12th September 2019

Ellie Coverdale is a writer on technical and recruitment topics at Do an assignment and Literature review writing service. Her goal is to help individuals and organizations get connected for smart fit hiring practices. In addition to these subjects, she also teaches useful writing skills and techniques at Boom Essays. Here she gives her view on the 7 mistakes HR should avoid.. 

“The human resource department is one of the most critical parts of an organization, connecting employees across the company to the training, management, and tools that they need and establishing a talent recruitment and retaining strategy. Due to its importance in the business, a mistake made by HR has the potential of having major impacts on the rest of the organization. We researched the costliest and most common HR mistakes and how they can be prevented so that you can make sure to avoid them within your own company.

1. Ignoring Employee Issues

It’s normal for employees to report problems to HR, but what’s unfortunate is when these issues get ignored. This happens more frequently than we think, and it leads to more problems like tensions between employees, higher turnover, and hostility or lack of engagement. One way for HR to fix this is to sympathize with the employee and take concrete action to resolve their issue.

2. Hiring Based on Interviews

A lot of HR managers seem to think that the interview is the most important part of deciding whom to hire. As per the explanation provided by Jeanine Ritchie, an HR manager at Academized and Best essay writer, “the issue is that a candidate can sell themselves really well but they may not be the best fit for the organization. Instead, try to include more steps in the hiring process that will determine if they fit in the corporate culture to make sure you’re hiring the best person.”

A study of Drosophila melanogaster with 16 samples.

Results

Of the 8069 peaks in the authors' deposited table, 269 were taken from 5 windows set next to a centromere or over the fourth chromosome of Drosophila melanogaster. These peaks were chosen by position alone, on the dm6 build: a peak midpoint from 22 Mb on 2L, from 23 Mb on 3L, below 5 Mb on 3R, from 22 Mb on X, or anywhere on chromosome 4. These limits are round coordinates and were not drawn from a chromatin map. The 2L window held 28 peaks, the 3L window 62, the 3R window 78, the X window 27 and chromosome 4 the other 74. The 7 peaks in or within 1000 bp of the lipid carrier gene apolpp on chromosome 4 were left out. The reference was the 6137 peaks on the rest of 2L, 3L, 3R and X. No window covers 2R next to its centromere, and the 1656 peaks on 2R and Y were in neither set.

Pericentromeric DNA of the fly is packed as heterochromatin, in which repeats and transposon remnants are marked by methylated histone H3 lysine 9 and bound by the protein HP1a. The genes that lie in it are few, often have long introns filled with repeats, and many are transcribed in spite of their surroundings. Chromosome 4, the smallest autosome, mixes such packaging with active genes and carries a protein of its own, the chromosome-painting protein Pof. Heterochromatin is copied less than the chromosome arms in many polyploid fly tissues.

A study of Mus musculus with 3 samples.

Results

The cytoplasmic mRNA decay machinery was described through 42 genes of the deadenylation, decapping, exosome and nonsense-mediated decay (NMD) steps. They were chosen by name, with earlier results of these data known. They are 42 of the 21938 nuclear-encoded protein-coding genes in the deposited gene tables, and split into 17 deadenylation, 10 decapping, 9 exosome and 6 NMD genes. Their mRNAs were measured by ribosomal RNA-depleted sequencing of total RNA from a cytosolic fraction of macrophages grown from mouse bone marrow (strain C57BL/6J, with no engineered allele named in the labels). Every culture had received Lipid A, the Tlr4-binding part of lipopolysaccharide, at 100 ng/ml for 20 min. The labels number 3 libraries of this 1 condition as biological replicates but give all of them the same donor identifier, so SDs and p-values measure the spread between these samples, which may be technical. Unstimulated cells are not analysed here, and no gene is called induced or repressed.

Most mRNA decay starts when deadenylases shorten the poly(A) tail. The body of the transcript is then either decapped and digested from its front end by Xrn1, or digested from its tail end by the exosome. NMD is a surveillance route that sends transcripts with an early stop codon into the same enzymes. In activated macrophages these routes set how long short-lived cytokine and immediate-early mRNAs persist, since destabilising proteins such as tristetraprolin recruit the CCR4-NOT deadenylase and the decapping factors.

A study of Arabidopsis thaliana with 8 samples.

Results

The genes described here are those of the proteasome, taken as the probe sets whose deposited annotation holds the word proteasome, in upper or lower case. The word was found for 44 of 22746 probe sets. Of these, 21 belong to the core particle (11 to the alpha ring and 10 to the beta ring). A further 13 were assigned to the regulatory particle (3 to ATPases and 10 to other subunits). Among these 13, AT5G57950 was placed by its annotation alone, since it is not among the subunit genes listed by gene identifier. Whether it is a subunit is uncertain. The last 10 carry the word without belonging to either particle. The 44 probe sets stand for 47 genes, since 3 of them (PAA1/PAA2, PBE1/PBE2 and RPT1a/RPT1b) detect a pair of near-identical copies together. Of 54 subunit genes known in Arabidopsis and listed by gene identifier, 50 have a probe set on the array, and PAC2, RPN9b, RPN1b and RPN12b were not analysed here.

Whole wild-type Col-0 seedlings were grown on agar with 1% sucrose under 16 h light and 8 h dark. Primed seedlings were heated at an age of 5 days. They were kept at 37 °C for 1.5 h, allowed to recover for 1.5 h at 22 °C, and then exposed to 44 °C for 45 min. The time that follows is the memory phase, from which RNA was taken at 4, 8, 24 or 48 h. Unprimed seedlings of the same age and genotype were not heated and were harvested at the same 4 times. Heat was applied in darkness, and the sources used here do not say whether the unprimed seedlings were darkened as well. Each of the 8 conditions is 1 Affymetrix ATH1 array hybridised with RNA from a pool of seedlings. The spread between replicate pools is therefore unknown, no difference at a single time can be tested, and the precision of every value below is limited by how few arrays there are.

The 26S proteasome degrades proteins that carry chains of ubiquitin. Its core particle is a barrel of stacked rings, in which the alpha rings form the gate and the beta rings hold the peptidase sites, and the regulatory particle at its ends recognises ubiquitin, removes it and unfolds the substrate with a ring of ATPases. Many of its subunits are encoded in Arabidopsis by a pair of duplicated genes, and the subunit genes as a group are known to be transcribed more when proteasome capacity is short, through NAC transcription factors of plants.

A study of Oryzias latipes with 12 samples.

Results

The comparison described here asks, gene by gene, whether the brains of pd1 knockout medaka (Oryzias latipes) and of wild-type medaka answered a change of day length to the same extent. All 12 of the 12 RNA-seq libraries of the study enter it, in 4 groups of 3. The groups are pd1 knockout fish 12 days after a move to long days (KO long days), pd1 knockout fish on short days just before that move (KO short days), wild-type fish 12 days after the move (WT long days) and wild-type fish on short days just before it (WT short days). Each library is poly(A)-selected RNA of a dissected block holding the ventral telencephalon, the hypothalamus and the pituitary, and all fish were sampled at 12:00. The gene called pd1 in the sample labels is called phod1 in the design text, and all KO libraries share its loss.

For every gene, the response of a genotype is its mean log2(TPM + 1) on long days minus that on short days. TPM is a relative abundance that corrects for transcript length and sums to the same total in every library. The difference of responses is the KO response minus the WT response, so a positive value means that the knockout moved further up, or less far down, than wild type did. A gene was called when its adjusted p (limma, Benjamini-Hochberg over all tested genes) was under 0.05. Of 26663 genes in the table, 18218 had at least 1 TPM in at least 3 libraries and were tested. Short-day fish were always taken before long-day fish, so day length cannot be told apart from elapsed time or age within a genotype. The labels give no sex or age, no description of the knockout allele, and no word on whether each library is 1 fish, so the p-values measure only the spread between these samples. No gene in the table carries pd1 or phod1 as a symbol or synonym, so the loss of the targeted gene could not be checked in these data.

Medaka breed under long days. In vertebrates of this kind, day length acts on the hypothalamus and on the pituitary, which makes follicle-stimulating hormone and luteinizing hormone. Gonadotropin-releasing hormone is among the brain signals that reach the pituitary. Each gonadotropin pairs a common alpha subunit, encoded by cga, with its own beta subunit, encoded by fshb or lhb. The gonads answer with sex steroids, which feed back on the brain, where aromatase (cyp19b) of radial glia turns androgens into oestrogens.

3. Develop a Clear Salary Increase Strategy

You should be transparent from the start about how performance reviews and salary increases work within the company, so you’re not creating false expectations about annual raises. An alternative option is to create a salary cap for each position, and putting down in writing some clear and consistent benchmarks for determining how to grant salary increases.

4. Lack of Management Training

Managers are the core of your business, and it’s important to make sure they’re well trained for the position. Make sure your managers are clear on the rules of HR and hiring, can be flexible and autonomous, and understand the values and ethics rules of the company. Failing to do this can put your business at risk of failure or lawsuits.

5. Incorrect Disciplinary Actions

Studies have shown that discipline by using punishment will create a culture of fear and resistance and are not the right way to go for a successful organization. Tessa Brookston, a recruiter at Paper Fellows and State of Writing, shares her suggestion for disciplinary action: “Instead of creating situations that can escalate out of control, HR managers should approach discipline discussions by having an open conversation, reflecting on the employee’s perspective, and asking permission to give feedback.”

6.Poor Hiring Decisions

Making a bad hiring decision and then having to replace that person can be quite a costly mistake for an organization, especially a smaller one. Look for candidates that will fit well within the organization’s culture and can grow and adapt as needed. It’s more important to find the right candidate with good soft skills that can learn the hard skills needed than finding someone that fits the criteria on paper but can’t work as a team or adapt to change and a large learning curve.

7.Weak Onboarding Process

A solid onboarding process will help new employees integrate more quickly and be able to contribute positively to the organization sooner rather than later. It also helps build trust between the employees and the organization and helps create a more confident workforce. Review your onboarding process and make sure it includes a detailed and clear view of the company, its values and objectives and corporate culture, as well as what training is required for each unique position. Write it out clearly and have a schedule for onboarding and training, and be consistent at applying it for all new hires.

By avoiding these 7 common mistakes that are very costly to HR departments, you’re building a better HR strategy and setting yourself up for success. Committing just one of these mistakes can be enough to send a budding start-up into failure before it can even develop and grow.”